Dave Brailsford: 'I wouldn’t be surprised if Fabio Aru lost the yellow jersey on purpose'

Team Sky boss delighted to have yellow

Fabio Aru crosses the line on stage 14 of the Tour de France
(Image credit: Yuzuru Sunada)

In the aftermath of the frantic finale of the stage into Rodez, which saw Chris Froome retake the yellow jersey from Fabio Aru, the atmosphere around the Team Sky bus was a mixture of delight at seeing a tactical plan work to perfection and disbelief at the amount of time the Italian ceded – a substantial 24 seconds, giving Froome the lead by 18.

Sky boss Dave Brailsford acknowledged that both the Rodez stage and the previous one into Foix had gone perfectly for the team, but also admitted that their plans may have been assisted by Aru.

>>> Chris Froome: 'I never dreamt I'd take 24 seconds out of Aru'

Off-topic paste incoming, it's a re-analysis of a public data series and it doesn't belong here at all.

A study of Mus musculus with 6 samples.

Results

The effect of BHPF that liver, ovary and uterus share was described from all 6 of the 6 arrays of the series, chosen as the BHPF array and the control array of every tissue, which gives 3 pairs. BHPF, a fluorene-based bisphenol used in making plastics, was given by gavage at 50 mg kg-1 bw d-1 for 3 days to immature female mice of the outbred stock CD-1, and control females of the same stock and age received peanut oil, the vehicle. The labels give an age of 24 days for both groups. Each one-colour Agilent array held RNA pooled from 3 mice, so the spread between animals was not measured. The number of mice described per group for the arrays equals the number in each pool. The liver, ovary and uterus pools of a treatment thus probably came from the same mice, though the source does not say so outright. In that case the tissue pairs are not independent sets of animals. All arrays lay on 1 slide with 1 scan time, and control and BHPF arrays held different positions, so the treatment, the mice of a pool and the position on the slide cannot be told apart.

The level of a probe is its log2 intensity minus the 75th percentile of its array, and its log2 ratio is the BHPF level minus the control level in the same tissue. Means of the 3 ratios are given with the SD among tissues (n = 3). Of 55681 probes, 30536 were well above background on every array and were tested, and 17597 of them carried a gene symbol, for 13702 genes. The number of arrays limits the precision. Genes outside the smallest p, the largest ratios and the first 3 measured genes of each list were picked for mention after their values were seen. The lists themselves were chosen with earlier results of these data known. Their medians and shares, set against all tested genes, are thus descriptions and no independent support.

“It wouldn’t surprise me if he had let the yellow jersey go to take the pressure off himself and his team,” Brailsford told reporters in Rodez.

“But, having said that, I don’t suppose he wanted to lose the amount of time he did.”

Watch: Tour de France stage 14 highlights

Speaking to NBC Sports directly after the finish, his Astana teammate Michael Valgren explained that he had tried to lead Aru up through the bunch before it reached the tricky uphill finale. Valgren added that the Italian kept losing his wheel.

>>> Fabio Aru on losing Tour de France lead: 'I paid for being in a bad position'

Valgren then asked the reporter if Aru had lost the lead. When told he had, the Dane said "good" and smiled broadly. However writing on Twitter after the race, Valgren clarified his comments after some took them as a slight at team leader Aru.


With the pressure now back on Froome and Sky to do control the race, Aru can now focus on following their wheels and biding his time until an opportunity to gain significant time on the British race leader emerges.